Sunday, 26 June 2011

Calendar Entry #22: Holiday of the Shemsu of Horus

We continue our journey through the Cauldrons Calendar feast/festival/holidays.
Canopic Jars of Neskhons, photograph CaptMondo
The Shemsu of Horus, or Shemsu-Heru or Followers of Horus have been more commonly referred to as the children of Horus and are four minor deities who helped Horus, particularly in the embalming of the dead.  They protected the canopic jars that contained the internal organs of the mummified deceased.  In earlier times, from the First Intermediate Period to the end of the 18th Dynasty, the stoppers of the canopic jars were made in the face of the deceased.  After this they were shaped to depict the Shemsu.  These were Imsety, the human headed protector of the liver, Hapy, the baboon headed protector of the lungs, Duamutef, the jackal headed protector of the stomach and Qebehsenuef, the falcon headed protector of the intestines. 
The Followers of Horus is a term that has also been applied to the early invaders and conquerors of Egypt who made Egypt into the great Dynastic civilisation it became.  The Pre-Pharaonic rulers of Upper Egypt thought of themselves as 'Shemsu-Heru'.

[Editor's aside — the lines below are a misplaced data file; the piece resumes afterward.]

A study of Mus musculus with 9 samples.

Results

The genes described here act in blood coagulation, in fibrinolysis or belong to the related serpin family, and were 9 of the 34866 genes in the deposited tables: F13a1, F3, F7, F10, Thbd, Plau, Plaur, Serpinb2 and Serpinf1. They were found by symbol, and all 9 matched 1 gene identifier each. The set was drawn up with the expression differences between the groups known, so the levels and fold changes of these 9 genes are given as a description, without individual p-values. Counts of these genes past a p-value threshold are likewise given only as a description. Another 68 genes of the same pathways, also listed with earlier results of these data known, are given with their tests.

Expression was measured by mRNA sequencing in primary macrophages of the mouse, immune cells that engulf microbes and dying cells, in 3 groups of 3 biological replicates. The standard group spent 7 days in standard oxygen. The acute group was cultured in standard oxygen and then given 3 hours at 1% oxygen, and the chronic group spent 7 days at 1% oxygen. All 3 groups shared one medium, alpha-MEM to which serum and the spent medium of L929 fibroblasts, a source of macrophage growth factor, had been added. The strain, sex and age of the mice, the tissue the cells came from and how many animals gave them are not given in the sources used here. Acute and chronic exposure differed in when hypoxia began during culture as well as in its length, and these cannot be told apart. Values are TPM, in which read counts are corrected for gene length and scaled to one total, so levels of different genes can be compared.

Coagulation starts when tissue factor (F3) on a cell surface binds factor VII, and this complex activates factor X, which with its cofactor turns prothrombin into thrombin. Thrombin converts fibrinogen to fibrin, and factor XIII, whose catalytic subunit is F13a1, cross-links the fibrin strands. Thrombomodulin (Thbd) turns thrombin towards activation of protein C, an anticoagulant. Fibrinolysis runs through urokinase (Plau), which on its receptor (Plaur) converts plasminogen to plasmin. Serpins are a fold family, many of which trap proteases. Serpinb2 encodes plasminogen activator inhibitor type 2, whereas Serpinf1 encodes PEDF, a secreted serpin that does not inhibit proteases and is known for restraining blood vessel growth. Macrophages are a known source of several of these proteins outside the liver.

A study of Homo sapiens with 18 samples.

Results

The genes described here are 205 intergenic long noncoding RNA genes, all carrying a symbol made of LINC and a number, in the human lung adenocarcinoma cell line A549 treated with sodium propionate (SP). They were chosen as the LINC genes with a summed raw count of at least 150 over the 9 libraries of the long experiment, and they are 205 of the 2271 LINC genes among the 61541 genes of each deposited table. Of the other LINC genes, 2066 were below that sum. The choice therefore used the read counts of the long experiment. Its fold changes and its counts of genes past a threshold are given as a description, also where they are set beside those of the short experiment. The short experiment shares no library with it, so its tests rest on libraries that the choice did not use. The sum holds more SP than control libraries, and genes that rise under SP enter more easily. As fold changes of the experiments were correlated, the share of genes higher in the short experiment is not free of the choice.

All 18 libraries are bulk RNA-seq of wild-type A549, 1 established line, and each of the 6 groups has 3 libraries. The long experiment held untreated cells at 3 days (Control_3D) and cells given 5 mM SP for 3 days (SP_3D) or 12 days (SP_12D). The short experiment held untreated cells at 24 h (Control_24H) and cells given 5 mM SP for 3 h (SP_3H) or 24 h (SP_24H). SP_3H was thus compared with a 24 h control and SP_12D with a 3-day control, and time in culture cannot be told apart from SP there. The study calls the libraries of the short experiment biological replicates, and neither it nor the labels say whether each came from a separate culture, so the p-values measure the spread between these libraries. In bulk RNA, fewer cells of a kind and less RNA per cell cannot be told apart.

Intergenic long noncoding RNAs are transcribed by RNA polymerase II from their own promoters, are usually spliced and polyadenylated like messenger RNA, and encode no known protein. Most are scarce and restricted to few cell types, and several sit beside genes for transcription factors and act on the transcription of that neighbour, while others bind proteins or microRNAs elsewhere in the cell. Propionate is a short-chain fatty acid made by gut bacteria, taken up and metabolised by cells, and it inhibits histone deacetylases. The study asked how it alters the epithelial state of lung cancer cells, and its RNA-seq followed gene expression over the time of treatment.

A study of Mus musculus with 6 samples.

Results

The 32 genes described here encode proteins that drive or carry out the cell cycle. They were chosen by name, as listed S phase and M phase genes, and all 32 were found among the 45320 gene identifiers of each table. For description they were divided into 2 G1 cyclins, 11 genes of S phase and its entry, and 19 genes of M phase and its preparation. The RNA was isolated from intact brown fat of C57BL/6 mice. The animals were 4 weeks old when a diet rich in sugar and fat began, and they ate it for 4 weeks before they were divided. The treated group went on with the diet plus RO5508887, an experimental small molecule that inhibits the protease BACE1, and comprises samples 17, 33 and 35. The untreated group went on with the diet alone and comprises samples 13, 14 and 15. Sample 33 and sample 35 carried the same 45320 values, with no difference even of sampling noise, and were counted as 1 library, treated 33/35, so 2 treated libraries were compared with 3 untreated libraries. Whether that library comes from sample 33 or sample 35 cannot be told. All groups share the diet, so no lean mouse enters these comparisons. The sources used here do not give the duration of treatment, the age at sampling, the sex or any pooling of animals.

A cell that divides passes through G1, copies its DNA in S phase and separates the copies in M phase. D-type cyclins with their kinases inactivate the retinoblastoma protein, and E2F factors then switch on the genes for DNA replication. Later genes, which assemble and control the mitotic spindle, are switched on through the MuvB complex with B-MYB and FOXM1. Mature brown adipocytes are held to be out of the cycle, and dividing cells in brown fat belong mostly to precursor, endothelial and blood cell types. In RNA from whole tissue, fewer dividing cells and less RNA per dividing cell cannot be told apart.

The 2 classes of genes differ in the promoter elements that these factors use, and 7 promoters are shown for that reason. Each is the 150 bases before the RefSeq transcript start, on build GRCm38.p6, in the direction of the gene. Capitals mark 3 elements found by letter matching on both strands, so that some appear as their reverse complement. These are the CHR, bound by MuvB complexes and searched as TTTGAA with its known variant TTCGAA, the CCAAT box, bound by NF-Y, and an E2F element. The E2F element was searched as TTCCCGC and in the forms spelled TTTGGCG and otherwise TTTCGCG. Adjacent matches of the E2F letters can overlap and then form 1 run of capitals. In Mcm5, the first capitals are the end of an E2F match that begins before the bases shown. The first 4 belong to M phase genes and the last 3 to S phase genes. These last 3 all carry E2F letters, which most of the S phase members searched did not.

1. Are there any comments to why each figure links to it's signature location?

  2. From what I've read it looks like the canopic jar came first and the deity followed, at least for a couple.
    Imsety's jar held the liver which was thought of as the seat of emotion. Death by a broken heart was attributed to the deity, who became known as the kindly one - Imsety in Egyptian.
    Duamutef's jar contained the stomach. The most significant cause of death in war was injuries to the torso and stomach, so the deity protecting this organ was associated with death by war. The name Duamutef means adoring his mother (later referred to as motherland) - dying in war to protect it.
    Qebehsenuef's housed the intestines. While the intestines were commonly used from sacrificial animals to predict the future, they were also how victims of poisoning died. Death by poison gave rise to the name of the poisoner - Qebehsenuf.
    I'm not quite sure with how this applies to Hapy. The lungs were associated with death by drowning. There was a reference to geese (floating on water) and runner with regards to the river currents running, but how that ended up as Hapy is beyond me.